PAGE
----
KABUL – Activists have raised concerns about a significant increase in suicides among Afghan women since the Taliban regained power in August 2021. While the exact numbers are challenging to ascertain, rights groups believe that suicide cases are vastly underreported, possibly reaching hundreds each month.
Factors contributing to the rise in suicides among Afghan women include deteriorating living standards, especially due to the ban on education and employment for women and girls. Economic conditions have worsened, leading to widespread poverty, depression, forced marriages, domestic violence, and a lack of social life. Reports suggest that regions like Takhar, Kunduz, Bamyan, Badghis, Faryab, and Mazar-i-Sharif, along with other rural areas, have been disproportionately affected.
The issue of underreporting is exacerbated by families’ reluctance to disclose such incidents and pressure from the Taliban, who try to suppress media coverage on suicides. Activist Maryam Marof Arwin, heading the Afghanistan Women and Children Strengthen Welfare Organization, claims that her organization receives reports of at least nine to 11 suicides by women every month, many of whom are young girls. However, the actual number may be much higher.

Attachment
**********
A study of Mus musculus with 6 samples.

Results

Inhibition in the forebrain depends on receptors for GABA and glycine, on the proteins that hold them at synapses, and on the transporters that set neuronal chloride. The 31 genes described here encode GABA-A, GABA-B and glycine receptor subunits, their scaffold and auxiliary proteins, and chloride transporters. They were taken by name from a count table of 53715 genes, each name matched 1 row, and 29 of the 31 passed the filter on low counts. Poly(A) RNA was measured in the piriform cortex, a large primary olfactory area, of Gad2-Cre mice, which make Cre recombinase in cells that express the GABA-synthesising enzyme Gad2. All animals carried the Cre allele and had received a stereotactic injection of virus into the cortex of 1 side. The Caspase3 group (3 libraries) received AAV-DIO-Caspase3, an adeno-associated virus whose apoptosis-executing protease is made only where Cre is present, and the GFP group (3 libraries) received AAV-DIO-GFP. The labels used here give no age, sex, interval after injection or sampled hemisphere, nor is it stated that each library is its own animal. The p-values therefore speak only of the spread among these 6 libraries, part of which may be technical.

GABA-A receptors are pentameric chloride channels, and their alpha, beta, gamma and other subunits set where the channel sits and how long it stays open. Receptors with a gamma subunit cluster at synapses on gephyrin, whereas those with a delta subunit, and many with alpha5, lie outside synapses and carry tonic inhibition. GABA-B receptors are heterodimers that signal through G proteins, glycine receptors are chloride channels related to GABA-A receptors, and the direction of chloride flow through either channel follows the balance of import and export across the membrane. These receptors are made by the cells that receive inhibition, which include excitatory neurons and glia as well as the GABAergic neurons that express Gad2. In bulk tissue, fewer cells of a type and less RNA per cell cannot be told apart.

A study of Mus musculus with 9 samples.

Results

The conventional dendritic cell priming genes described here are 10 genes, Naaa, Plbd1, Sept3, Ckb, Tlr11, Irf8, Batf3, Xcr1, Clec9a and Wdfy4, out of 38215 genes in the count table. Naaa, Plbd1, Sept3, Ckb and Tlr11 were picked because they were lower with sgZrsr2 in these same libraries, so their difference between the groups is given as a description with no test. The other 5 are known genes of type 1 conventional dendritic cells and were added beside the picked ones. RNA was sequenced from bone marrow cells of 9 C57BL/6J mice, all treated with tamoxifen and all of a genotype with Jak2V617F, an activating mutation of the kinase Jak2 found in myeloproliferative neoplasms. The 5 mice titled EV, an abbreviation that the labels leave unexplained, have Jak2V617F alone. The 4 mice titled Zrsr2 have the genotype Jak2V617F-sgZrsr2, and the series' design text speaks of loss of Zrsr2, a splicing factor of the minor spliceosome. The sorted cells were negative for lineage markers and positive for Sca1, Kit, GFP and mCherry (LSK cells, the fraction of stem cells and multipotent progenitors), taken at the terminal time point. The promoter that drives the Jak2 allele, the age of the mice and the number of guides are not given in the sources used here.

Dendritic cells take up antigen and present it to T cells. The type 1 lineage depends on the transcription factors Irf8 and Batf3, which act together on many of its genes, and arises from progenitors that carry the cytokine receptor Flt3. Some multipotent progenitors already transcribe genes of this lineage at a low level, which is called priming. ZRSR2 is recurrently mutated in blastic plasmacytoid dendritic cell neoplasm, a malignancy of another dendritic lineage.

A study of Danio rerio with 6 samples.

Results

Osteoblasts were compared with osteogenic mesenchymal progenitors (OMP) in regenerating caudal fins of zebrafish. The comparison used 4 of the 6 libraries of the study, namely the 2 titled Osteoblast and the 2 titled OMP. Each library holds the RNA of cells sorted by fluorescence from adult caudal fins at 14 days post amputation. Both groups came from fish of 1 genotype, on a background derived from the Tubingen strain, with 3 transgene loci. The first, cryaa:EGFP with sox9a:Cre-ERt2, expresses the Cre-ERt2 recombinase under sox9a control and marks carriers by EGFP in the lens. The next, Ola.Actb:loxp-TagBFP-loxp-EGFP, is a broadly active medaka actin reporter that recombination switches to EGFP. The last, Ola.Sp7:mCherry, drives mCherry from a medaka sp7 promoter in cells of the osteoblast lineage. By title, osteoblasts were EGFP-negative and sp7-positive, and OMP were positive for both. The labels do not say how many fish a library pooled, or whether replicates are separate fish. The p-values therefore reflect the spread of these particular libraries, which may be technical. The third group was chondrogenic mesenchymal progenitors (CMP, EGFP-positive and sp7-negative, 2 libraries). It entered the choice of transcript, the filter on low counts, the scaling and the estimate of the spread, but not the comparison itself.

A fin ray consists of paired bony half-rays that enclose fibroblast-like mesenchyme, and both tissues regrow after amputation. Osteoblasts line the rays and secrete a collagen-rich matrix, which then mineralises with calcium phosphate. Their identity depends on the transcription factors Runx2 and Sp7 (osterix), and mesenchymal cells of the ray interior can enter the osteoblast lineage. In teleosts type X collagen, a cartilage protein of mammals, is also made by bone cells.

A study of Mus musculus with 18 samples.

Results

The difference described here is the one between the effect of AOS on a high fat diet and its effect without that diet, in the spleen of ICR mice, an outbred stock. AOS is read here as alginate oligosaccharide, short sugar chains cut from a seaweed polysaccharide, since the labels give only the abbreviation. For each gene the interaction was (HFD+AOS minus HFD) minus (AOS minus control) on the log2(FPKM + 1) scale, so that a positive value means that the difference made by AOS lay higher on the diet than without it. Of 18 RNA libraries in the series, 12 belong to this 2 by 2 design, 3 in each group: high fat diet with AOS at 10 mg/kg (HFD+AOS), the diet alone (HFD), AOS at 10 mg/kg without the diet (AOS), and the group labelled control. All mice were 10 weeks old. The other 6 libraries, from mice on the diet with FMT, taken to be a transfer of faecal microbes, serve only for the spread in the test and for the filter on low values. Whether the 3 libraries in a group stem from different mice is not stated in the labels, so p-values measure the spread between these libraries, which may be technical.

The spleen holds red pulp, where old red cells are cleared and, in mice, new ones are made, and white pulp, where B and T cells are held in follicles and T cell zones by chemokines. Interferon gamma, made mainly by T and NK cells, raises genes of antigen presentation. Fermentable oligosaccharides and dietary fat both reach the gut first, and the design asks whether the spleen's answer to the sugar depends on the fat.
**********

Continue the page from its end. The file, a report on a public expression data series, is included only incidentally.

Former Deputy Speaker of Afghanistan’s Parliament, Fawzia Koofi, previously highlighted the desperation leading to women taking their lives due to the lack of opportunities and mental health support. A June report by UN-appointed rights experts accused the Taliban of “gender apartheid” and “gender persecution,” further exacerbating the situation for Afghan women.
To address the issue, activists and journalists have turned to social media, particularly X (formerly known as Twitter), to report cases of suicides. Zan TV, previously operated by women journalists, has been sharing updates on the situation. The Taliban has rejected claims of gender discrimination, accusing the UN and some Western institutions of spreading misinformation.
Overall, the worsening situation for Afghan women is attributed to factors such as unemployment, lack of education, domestic violence, forced marriages, and poverty. Women who were previously responsible for supporting their families have been left jobless and facing significant challenges in providing for their families under the Taliban’s restrictions.